Sebastien Meunier and other fashion visionaries


Last century’s fashion landscape was mostly shaped by such prominent figures as Christian Dior, Yves Saint Laurent, Cristobal Balenciaga or Coco Chanel, considered to be the greatest innovators of their times and whose personalities shone not any less brighter than their exceptional designs. It makes us naturally jump to conclusion that the direction in which fashion is evolving is determined by those whose names are the most famous and whose identities are so distinct you’d never, ever confuse them with another designer – even in your sleep (it makes me think instantly of Alessandro Michele, creative director at Gucci). Well, it’s only partially true. The current fashion landscape is largely dominated by a group of unconventional individuals who don’t sanctify clothes and treat them rather as a means of experimentation. And sometimes they serve results in such bizarre and shocking forms that it leads the fashion society to questioning whether they’re geniuses or dilettantes. But who are they I’m talking about, whose names are not necessarily widely-known but whose contribution to fashion is immeasurable?

There is a huge bubble around the fashion collective called Vetements and its leader Demna Gvasalia right now, who’s also a creative director at Balenciaga. The importance of his role concerning the rise of this new generation of brave creators is undeniable, but he’s only a part of the story. That’s why I was really excited when Lamu Slenis asked me to write about Sebastien Meunier, head designer at Ann Demeulemeester. Sebastien shows little ambition to outshine Ann’s name – in fact, none ambition at all, because he knows he’s working for her legacy. The important part is that he has enough ambitions to bring a renewed sense of energy to the exceptional brand, which is well known for its particular interpretations of romanticism and unwillingness to submit to the leading trends. Sebastien is romantic himself, but in an unconventional way – all he needs to express his état d’esprit are small red threads of “I am red in love” on white shirts from his newest menswear collection (a formula imbued with references to pop culture, because who doesn’t know “drunk in love” or “crazy in love”?”).

Sebastien isn’t one of those who grew up dreaming about working in fashion – initially, he studied law and fashion appeared in his horizons only when he decided to take up something that could help bolster his own identity. Sebastien started studying at ESMOD in Paris, later he worked for Maison Margiela and met Ann Demeulemeester – he was appointed the head designer of menswear collections after an interview, which lasted only for thirty minutes! The rest is history: Ann designed Sebastien as successor after her departure and gave him green light to further develop the line of her own name. It’s obvious that Sebastien excels at it: The brand isn’t stuck on the codes developed by Ann, but it still preserves its enigmatic quality.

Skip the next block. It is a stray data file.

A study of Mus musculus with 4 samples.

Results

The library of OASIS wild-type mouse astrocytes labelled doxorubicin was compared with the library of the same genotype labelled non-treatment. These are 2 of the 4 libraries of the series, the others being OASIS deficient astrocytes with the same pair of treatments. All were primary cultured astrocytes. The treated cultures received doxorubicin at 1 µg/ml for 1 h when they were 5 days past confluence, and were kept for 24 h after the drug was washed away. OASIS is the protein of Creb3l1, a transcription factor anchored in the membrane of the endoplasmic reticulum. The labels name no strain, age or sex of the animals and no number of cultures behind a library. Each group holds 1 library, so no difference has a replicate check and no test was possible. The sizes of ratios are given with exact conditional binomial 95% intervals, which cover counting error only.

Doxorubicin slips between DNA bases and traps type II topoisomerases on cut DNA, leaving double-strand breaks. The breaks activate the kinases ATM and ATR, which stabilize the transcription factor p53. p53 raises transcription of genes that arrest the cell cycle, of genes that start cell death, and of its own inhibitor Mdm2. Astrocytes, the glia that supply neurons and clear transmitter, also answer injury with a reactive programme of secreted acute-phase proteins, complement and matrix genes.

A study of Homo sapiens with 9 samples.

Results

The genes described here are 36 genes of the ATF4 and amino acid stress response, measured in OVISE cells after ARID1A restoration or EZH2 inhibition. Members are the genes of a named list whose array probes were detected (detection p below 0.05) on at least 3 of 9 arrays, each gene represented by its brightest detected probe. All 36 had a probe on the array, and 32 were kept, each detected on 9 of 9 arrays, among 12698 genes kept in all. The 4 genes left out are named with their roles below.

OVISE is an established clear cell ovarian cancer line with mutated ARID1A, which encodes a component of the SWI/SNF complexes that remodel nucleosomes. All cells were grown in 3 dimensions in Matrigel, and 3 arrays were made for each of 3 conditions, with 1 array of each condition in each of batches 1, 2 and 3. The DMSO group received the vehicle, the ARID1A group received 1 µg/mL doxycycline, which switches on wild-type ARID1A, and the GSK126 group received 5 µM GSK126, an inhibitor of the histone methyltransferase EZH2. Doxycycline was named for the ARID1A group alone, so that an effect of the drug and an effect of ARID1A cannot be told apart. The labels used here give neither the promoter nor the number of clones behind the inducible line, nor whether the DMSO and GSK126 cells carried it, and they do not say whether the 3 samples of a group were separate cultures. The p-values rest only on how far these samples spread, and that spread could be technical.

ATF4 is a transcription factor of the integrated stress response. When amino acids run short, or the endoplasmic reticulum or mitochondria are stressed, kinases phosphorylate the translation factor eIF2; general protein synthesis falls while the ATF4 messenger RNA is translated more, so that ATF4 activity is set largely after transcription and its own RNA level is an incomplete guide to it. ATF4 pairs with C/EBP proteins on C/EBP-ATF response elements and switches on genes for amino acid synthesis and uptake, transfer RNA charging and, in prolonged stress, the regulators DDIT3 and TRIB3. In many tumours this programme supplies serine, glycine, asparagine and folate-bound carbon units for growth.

Why is it important to talk about designers like Sebastien and others, such as afore-mentioned Gvasalia, Jacquemus, Off White, Josep Font from Delpozo? The most interesting part in this story is that this new generation of designers refuses all the philosophical undertones that are constantly used trying to explain their popularity and their artistic approaches, because, well, you really need an explanation why you would buy  (or create) a simple yellow shirt with DHL logo for 245 euros (to those not initiated: this is one of Vetements’ top creations).  Ironically, there is no ideological or philosophical basis for all that. Even Demna Gvasalia denies that he’s trying to challenge fashion industry in any way or create “anti” phenomena. He prefers to qualify his experimentations as based on “fun” (“fun” also seems to be an appropriate term do describe what’s happening at Gucci right now). Jacquemus talks about the importance of “spontaneity” and affirms he has no particular “philosophy”. Sebastien insists on the atmosphere. It’s not the result that’s placed on the pedestal, but the process of creation itself. And the process is only fun when no one assigns a set of rules to it: whether it concerns hiring non-models for a runway show (Vetements) or creating clothes which look like architectural creations (Delpozo, Jacquemus). Or in Sebastien’s case, when one has absolute freedom to define the new romanticism.

These are the new fashion visionaries who are responsible for audacious trends which reign supreme on the runways and in the streets. And it’s the reason why it’s important to talk about their works, analyze them – not to find some pseudo-intellectual explanations but to understand what we can expect later. But with these innovations, I doubt if it’s even possible. At least, it’s very fun.

For Lithuanian readers, read about Josep Font (Delpozo) in the latest Lamu Slenis paper issue and about Sebastien Meunier in the October issue online.